Summer isn't just a time for people to get out and enjoy the warm weather - it's also a time for many pests to become more active. More lively pests can spell infestations and unpleasant encounters for many homeowners across North America. Here's some important information to help you identify if you have one of the summer's most common pests in your midst.
As Missy Henriksen of the National Pest Management Association explained in an informational video, ants are the No. 1 pest in the U.S. and Canada. Unlike other pests, ants aren't usually known to spread disease, but in the summer they can spoil food and invade cabinets. Carpenter ants can also wreck havoc on decks and porches, hurting the structural integrity of where you go to relax. Henriksen recommended that people seal holes and cracks in their homes and keep their floors and tables crumb-free.
Bees and wasps
Unlike ants, bees and wasps pack a punch. These insects are particularly present in the late summer near some of the season's best activities, the NPMA explained. They often make their homes close to people's pools, grills and porches. Sometimes, just being in these areas can provoke a swarm. The NMPA advised people overseed their lawns, paint untreated wood and ensure that all window screens are hole free.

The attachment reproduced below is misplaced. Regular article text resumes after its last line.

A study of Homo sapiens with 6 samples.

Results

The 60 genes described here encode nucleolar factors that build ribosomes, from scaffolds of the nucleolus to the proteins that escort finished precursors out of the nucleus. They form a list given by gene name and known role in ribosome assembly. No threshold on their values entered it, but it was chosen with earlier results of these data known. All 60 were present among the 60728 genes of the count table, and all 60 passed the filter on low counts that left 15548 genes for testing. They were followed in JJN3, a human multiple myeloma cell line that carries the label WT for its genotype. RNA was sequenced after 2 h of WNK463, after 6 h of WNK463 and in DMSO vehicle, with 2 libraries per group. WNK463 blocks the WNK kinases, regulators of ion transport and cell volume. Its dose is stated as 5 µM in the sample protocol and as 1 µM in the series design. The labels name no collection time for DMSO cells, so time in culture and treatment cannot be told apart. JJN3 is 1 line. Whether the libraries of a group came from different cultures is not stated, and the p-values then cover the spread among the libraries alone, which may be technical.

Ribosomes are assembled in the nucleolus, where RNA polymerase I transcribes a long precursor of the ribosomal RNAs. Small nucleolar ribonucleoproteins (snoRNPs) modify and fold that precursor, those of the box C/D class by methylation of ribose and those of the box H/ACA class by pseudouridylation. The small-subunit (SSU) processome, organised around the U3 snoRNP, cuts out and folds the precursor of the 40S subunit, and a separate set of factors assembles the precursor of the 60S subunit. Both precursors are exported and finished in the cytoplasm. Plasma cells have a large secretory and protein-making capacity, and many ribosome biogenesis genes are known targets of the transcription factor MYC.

Although people may not typically pick up fleas while they're spending time outdoors in the summer, their pets sure will. Every pet owner in the North America should be cautious, PetMD warned, because fleas are common all across the country. They thrive in more humid weather and climates, and they can explode in population in just a few days. The best way to avoid this potential pest is to treat your cats and dogs. They'll definitely want to be outside and you won't be able to stop them from contracting the parasite without proper treatment.
Spiders can become a bigger problem in many homes during the summer than other seasons. According to the Colorado State University extension school, male spiders often wander during their mating season, which is the late spring and early summer for many species. This wandering can can lead to infestations of spiders in people's homes.
Although spiders may set up camp indoors during the spring because of mating, they can also head indoors at the end of summer too, to escape dropping outdoor temperatures.